Today sees the eighth Global Accessibility Awareness Day (GAAD). The purpose of GAAD is “to get everyone talking, thinking and learning about digital (web, software, mobile, etc.) access/inclusion and people with different disabilities“.

Themes at IWMW 2019

The event provides the ideal opportunity to announce the re-opening of the IWMW blog, which opens every year about this time to support the forthcoming IWMW event.

This year’s event, IWMW 2019, has the theme “Times They Are A-Changin’!” and many of the sessions at the three day event explore issues relating to this theme, with plenary talks addressing issues such as “Changing Times Across the Institution, the Sector … and for Future Audiences“, “Institutional Perspectives on Changing Times” and “A Constant in Changing Times: Users!“.

Web Accessibility Challenges

Web accessibility has been a long-standing interest for me, ever since I attended the launch of W3C’s Web Accessibility Initiative. Since then I have published a number of papers on web accessibility issues. I was therefore particularly interested when I heard about the EU Directive on the Accessibility of Public Sector Websites and Mobile Applications.

As described in a post published in July 2018 on the University of Bristol Law School blog which warns the community that “UK Universities must soon comply with the EU Web Accessibility Directive“:

In 2016, the EU adopted the Web Accessibility Directive to foster better access to the websites and mobile applications underpinning public services – in particular by people with disabilities, and especially persons with vision or hearing impairments. …

The Web Accessibility Directive must be transposed into UK law by 23 September 2018 and will generate obligations for new websites from 2019, for pre-existing websites from 2020, and for all public sector apps from 2021. …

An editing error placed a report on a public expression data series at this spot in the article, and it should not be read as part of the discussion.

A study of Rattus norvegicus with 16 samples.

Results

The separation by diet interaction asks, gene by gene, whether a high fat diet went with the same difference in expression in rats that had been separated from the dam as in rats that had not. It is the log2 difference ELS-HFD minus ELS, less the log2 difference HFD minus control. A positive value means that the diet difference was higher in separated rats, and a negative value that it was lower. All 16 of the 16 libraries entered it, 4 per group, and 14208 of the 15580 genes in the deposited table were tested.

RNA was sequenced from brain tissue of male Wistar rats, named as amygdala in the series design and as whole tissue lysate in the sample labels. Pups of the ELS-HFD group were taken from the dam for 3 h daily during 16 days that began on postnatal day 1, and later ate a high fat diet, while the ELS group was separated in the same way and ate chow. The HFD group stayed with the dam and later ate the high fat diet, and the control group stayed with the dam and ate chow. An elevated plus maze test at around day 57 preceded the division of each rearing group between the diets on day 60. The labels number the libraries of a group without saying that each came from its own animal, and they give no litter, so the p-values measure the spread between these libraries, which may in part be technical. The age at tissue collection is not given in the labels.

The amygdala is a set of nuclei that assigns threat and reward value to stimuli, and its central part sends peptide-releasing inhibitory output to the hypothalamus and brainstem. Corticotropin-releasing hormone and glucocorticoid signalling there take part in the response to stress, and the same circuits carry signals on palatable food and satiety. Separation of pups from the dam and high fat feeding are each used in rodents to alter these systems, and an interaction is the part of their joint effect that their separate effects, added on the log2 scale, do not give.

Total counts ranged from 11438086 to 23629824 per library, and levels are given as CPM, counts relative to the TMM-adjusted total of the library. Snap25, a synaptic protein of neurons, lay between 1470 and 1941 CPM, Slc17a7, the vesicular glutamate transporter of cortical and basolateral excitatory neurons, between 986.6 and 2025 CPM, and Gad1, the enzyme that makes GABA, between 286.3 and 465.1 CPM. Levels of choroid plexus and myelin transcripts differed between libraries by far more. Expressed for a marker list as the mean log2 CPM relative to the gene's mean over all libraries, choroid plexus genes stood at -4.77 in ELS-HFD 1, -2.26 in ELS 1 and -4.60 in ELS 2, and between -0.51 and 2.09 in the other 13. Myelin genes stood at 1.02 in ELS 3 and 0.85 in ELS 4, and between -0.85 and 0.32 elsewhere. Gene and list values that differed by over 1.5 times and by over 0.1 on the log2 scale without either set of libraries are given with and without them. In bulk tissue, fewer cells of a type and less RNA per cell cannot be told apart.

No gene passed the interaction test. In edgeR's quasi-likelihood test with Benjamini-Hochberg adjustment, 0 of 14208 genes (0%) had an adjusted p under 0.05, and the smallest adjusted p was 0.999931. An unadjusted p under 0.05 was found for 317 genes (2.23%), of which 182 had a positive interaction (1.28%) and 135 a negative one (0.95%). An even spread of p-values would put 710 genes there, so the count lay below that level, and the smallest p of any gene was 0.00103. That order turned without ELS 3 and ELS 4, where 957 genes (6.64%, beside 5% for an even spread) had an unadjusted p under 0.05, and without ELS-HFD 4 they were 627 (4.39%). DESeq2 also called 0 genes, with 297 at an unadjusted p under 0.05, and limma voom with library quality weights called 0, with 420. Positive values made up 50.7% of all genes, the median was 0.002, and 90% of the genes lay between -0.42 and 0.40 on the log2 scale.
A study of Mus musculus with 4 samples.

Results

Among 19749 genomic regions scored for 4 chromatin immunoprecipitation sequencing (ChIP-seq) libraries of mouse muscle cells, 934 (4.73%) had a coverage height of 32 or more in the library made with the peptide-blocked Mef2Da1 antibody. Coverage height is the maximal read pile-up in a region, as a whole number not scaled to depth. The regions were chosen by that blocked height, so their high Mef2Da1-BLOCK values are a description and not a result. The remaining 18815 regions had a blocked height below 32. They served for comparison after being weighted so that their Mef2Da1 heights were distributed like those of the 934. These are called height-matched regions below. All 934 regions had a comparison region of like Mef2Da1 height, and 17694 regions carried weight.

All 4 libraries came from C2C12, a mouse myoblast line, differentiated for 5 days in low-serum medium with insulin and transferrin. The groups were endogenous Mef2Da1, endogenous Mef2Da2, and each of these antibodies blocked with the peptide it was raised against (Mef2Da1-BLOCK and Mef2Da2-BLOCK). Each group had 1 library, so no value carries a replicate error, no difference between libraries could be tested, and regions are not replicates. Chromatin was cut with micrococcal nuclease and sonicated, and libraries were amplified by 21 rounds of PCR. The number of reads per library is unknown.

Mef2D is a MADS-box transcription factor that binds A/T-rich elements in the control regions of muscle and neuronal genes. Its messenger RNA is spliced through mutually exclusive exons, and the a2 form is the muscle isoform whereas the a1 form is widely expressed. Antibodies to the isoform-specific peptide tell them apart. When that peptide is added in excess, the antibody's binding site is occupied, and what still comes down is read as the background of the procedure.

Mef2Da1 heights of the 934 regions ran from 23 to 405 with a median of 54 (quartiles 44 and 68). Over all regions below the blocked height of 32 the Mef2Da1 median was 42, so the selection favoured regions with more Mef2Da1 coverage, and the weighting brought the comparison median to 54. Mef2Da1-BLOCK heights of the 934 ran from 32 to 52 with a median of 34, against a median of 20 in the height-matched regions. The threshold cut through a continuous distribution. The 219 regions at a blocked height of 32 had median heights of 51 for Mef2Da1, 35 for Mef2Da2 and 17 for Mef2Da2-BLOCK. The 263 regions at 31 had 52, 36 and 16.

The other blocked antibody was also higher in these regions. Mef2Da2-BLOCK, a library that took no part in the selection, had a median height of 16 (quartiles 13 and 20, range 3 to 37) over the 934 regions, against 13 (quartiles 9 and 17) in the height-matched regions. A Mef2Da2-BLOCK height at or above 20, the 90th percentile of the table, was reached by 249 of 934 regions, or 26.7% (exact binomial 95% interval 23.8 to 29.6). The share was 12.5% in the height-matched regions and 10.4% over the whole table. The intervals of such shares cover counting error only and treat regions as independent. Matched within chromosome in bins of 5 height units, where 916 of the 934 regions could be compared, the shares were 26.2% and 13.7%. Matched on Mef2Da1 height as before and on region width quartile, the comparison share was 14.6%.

These requirements [web sites must comply with relevant technical standards] will be applicable from 23 September 2019 for websites published after 23 September 2018, and from 23 September 2020 for pre-existing websites. All apps will have to comply from 23 June 2021. Universities will also have to report on their compliance with the applicable rules and subject themselves to the domestic mechanism for the resolution of disputes foreseen by the domestic Web Accessibility Regulations.

The DIGITALACCESSIBILITYREGULATIONS Jiscmail list provides a forum for discussions about the implications of the directive, although the focus of the list appears to be on the accessibility or teaching and learning resources, and there is little indication that members of institutional web and digital teams are engaging in discussions on this list.

So You Think You Know Accessibility

The session on “A Constant in Changing Times: Users!” at the IWMW 2019 event is appropriate, as user issues have been relavent to the IWMW event series since it was launched in 1997.

The session is also very timely as a plenary talk on “So You Think You Know Accessibility” will provide an opportunity to hear more about the EU directive and how institutions are – or should be(!) – responding.

This year’s event also sees a number of innovative features, including the “Lean Coffee” sessions which provide opportunities for delegates to discuss topics of particular interest – so perhaps a lean coffee session on the EU’s Web Accessibility Directive and how institutions are responding would be very timely for the sector.

If you wish to attend the IWMW 2019 event we recommend that you book quickly as the limited number of rooms in the halls of residence are filling being taken and once they are gone delegates will have to book hotel accommodation (although there are plenty of hotels available in Greenwich.

The post was written by Brian Kelly, IWMW founder and IWMW 2019 co-chair.